On March 10, 2023, Silicon Valley Bank (SVB) failed after a bank run, marking the second-largest bank failure in US history and the largest since the 2008 financial crisis. It was also one of three US banks to collapse in March. At the end of 2022, SVB had USD 209 Billion in assets and USD 175 Billion in deposits, according to the FDIC. While it was not insolvent, several risks left the bank exposed.

One of the primary reasons that led to SVB’s collapse was a high concentration of investments in the technology and startup sectors, which faced financial difficulties recently. Many of these companies began withdrawing funds from their SVB accounts. Moreover, SVB had invested heavily in mortgage-backed securities and longer term high-yield bonds that are sensitive to interest rates. As the Fed raised interest rates, these assets lost value.

Matters came to a head when SVB, risking its reputation, publicly shared its plans to raise capital and cover its shortfall to avoid the threat of having its credit rating downgraded. The announcement spooked its clients, accelerating a massive withdrawal of deposits and creating the panic that upended its capital-raising efforts. Consequently, SVB’s stock price declined and a collapse followed.

The Need for Proactive Analysis – Regardless of Current Regulation

In 2018, a rollback of regulations, established a decade earlier, eased the compliance burden on many regional banks, particularly those with USD 50-200 Billion in assets. SVB fell into this category. They were exempt from various reporting requirements, such as Liquidity Coverage Ratios (LCR) and Net Stable Funding Ratios (NSFR). The bank was compliant with regulations and transparent about its balance sheet positions.

Despite this clean bill of health, the bank collapsed. This highlights a key fact that stringent compliance and transparency are not enough to future-proof an enterprise. Banks must develop comprehensive risk management models to assess and prepare against a variety of disruptive scenarios.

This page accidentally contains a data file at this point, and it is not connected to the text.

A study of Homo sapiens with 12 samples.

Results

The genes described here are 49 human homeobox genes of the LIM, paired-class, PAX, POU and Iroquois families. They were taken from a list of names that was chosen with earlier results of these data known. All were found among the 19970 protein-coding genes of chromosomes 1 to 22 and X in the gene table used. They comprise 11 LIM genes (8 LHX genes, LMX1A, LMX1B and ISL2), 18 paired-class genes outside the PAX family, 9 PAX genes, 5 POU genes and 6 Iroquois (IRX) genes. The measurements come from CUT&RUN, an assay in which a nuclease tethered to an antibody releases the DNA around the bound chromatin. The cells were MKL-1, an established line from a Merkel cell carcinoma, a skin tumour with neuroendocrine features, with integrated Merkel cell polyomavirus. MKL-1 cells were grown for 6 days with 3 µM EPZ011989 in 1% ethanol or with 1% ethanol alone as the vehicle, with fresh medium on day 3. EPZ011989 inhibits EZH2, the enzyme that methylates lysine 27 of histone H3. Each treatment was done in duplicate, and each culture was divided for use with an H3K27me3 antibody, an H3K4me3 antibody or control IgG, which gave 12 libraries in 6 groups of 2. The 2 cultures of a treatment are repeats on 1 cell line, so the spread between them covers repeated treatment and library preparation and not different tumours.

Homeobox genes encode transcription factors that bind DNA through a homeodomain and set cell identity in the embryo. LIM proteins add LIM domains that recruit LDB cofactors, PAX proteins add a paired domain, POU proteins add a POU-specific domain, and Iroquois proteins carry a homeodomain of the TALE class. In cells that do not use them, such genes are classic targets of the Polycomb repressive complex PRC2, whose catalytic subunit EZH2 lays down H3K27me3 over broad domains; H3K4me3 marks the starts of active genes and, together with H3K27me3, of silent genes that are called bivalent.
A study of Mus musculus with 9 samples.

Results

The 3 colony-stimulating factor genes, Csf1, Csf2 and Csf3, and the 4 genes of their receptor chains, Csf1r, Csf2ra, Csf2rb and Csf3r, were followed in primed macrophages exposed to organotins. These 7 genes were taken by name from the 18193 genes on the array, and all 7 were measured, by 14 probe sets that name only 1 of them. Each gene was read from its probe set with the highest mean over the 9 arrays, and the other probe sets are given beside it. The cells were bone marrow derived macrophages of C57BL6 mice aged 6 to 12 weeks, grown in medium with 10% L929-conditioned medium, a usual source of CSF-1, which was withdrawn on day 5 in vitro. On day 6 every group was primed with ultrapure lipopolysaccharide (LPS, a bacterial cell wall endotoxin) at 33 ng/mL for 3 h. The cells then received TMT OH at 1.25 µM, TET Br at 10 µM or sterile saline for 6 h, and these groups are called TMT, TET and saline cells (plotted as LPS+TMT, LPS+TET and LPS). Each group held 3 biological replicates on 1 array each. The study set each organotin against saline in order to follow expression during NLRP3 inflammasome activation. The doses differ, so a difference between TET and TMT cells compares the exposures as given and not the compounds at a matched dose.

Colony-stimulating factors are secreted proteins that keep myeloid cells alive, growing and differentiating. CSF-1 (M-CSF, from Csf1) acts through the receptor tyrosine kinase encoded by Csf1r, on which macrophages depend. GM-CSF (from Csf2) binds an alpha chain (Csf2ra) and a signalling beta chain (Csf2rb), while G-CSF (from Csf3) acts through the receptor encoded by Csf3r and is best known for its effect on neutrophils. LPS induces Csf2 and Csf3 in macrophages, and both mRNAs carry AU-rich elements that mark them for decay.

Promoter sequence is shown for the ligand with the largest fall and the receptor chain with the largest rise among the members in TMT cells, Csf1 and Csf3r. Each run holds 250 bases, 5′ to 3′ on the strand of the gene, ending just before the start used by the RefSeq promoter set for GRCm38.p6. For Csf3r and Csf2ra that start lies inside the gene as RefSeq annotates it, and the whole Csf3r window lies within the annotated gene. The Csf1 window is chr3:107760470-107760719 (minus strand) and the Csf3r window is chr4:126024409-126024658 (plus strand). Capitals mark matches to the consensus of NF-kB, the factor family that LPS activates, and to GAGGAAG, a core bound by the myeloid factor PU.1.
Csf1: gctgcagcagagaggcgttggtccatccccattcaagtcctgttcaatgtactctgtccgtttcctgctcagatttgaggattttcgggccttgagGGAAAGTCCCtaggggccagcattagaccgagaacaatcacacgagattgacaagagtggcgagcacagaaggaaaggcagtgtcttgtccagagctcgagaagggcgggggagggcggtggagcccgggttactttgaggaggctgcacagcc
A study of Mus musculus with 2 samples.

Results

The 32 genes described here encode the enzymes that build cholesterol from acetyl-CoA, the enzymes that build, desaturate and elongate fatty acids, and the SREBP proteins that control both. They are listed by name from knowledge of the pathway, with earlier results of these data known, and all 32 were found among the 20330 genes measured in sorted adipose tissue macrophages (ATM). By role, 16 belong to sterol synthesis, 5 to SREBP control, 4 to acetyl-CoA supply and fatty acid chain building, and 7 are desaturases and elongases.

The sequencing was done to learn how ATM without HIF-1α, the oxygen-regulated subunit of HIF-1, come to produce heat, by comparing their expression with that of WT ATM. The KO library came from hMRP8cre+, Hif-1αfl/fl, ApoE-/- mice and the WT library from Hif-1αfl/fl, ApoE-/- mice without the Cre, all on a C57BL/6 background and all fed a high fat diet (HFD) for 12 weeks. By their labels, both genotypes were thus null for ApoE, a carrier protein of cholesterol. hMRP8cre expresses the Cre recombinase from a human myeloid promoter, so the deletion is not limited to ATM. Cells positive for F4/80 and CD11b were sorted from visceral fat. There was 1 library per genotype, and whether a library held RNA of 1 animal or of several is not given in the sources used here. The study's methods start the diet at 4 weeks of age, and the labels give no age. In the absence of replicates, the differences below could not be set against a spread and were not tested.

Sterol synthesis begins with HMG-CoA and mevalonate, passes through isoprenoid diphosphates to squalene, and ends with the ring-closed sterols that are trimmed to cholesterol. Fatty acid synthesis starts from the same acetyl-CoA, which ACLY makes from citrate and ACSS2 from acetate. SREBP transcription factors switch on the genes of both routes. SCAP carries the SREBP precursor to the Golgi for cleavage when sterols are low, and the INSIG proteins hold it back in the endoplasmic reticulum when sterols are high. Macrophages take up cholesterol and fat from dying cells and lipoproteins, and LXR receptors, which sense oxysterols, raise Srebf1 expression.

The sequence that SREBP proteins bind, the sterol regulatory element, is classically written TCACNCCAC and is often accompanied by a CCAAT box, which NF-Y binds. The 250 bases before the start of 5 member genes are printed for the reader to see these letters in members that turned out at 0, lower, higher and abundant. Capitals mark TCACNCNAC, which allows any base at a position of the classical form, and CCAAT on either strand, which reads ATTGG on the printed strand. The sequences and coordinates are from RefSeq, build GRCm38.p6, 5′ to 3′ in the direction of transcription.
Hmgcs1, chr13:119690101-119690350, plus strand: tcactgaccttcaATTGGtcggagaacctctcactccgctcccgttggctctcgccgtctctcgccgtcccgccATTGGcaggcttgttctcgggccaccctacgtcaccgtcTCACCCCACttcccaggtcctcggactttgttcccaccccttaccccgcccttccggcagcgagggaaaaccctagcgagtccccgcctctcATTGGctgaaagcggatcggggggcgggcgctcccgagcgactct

Call to Action

Banks and risk executives must assess the following priority areas with a systematic data and analytics-driven approach:

  • Regulatory Readiness: Staying above board in an evolving and interconnected business landscape is challenging. The accelerated pace of digitization, ESG requirements, data silos and cybersecurity threats make the terrain even more difficult to navigate. Harnessing data can provide banks with the necessary information and visibility to develop a comprehensive and up-to-date governance, risk and compliance strategy.
  • Contingency Planning: This is a must to ensure there are other sources of funding as well as a foolproof plan of action to pursue the alternatives.
  • Concentration Risk: SVB was heavily concentrated in the technology sector. Instituting a more proactive and diligent understanding of concentration risk that takes into account factors such as geography, industry, etc. can be valuable in the short and long term.
  • Integrated Stress Testing: Executives must have actionable insights on scenarios where the bank is potentially pushed to its limits from a capital or liquidity perspective.
  • Liquidity Risk Planning: Dynamic plans are a must to better assess liquidity risk, and daily (or intra-day) plans are useful in establishing where the bank stands in terms of liquidity.

The foundation for risk modeling is a well-defined data architecture that can be leveraged by strong algorithms. Banks must therefore invest in technological capabilities around data, Artificial Intelligence (AI), analytics and automation to handle the massive volumes of data they generate.

Accelerating Data and Digital Transformation

Adopting a data-led risk transformation approach will empower bank executives to proactively evaluate their risk exposure and protect customers, shareholders and employees. However, this can be a daunting task for many banks, given the sheer scale and complexity of the undertaking – with the volumes, sources and formats of incoming data, not to mention the bewildering variety of options and solutions available in the marketplace.

Working with a third-party solutions provider that understands the ins and outs of the banking industry, and has expertise in technology, analytics and business process can power cost-efficient digital transformation that banks can leverage for their regulatory and risk management needs.

An ideal strategic partner puts skin in the game and brings the skills to analyze, design, build and run digital solutions. Benchmark capabilities would include a dedicated global talent pool, a center-of-excellence model, experience with hyperautomation and proficiency in data, AI and analytics.

To know how WNS can digitally enable effective risk management – combining operational processes and procedures, data engineering and skilled talent – contact BPM and Outsourcing Company | WNS.